Documents to download

The Salisbury-Addison Convention is commonly understood to mean that the House of Lords gives a second reading to government bills which seek to implement manifesto commitments, and that the House does not table wrecking amendments which might otherwise alter the bill’s intent. In recent times, it is often referred to simply as the Salisbury Convention.

In the 2017 general election, the Conservative Party won the largest number of seats, but did not secure an overall majority in the House of Commons. This has given rise to questions about whether or how the Salisbury Convention would apply in the case of a minority government that has failed to secure an electoral mandate for its manifesto. Differing views have been expressed amongst politicians and academics on this point. Mark Elliott, Professor of Public Law at the University of Cambridge, has suggested that “the governing criterion is ultimately what members of the relevant political community think”. Lord Thomas of Gresford, the Liberal Democrats’ Shadow Attorney General, has already indicated his view that the Salisbury Convention does not apply to bills put forward by a minority government or under a confidence and supply arrangement.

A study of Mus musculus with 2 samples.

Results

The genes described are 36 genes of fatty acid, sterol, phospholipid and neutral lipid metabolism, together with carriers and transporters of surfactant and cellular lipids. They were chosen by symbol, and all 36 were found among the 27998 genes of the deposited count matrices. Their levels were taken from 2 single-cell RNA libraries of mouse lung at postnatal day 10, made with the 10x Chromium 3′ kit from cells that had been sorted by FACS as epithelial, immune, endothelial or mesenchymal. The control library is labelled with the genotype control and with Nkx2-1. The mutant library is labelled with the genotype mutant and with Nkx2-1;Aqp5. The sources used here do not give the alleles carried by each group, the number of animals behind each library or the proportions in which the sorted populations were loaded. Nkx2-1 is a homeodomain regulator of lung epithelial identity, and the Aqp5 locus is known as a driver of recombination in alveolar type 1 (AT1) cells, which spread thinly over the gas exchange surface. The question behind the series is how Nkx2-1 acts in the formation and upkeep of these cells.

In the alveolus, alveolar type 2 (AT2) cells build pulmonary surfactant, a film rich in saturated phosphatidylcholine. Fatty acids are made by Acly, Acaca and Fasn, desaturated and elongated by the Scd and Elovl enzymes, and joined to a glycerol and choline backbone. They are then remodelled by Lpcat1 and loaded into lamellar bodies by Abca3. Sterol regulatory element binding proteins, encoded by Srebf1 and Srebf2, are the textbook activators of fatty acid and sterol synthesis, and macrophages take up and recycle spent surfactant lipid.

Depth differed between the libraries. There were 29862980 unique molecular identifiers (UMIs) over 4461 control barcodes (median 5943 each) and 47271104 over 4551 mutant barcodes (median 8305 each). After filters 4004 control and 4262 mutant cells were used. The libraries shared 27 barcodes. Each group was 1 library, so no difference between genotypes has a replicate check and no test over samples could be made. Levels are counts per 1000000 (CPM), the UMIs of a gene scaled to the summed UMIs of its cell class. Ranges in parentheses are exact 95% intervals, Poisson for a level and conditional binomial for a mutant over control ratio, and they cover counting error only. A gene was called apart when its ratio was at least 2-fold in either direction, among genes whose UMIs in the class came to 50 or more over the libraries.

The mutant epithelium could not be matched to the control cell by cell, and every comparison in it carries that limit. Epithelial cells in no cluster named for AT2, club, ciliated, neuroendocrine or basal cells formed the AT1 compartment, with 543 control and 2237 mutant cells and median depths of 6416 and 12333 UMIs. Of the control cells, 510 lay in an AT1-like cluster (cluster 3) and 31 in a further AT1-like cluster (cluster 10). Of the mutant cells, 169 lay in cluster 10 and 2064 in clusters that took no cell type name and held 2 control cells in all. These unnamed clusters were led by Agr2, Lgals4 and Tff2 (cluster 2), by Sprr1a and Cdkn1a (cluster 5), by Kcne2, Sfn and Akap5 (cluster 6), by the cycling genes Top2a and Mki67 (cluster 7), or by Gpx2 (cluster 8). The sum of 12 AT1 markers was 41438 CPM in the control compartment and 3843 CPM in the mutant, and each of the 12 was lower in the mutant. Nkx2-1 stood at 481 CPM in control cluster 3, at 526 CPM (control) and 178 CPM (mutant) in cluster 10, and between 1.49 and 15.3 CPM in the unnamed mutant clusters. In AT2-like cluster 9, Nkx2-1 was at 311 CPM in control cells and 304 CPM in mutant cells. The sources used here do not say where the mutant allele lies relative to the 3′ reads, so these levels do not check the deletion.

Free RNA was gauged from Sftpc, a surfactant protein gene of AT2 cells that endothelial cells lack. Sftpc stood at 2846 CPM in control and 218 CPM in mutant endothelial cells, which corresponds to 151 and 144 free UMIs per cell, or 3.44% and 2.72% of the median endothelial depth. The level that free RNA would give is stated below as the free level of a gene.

Similar questions about the applicability of the Salisbury Convention arose after the 2010 general election which also produced a hung parliament. When the Conservatives and Liberal Democrats formed a coalition government, there were debates about whether the Salisbury Convention applied, since the two parties had campaigned on different manifestos, and the coalition agreement in which they set out their programme for government was not drawn up until after the election. While the Government initially asserted that the Convention still held, in 2011 the Minister for Political and Constitutional Reform acknowledged that “with the advent of a coalition government […] the Salisbury-Addison Convention does not operate in the same way, if at all”. During the period of the Coalition Government, there were attempts on three occasions to block a government bill at second reading in the House of Lords, all of which failed.

Documents to download

Related posts

  • In 2020, Prime Minister Boris Johnson announced 58 new life peers. This took the total number of life peers created under the Life Peerages Act 1958 to 1,517. This briefing provides information and statistics on these peerage creations. This includes breakdowns by decade and by prime minister. It also contains a list of every life peer appointed under the Act.

  • Judicial review involves a judge reviewing the lawfulness of a decision that has been made by a public body. Following the Government's announcement of an independent review that will consider if judicial review reform is needed, this article looks at what judicial review is, and recent debates about whether the process is working.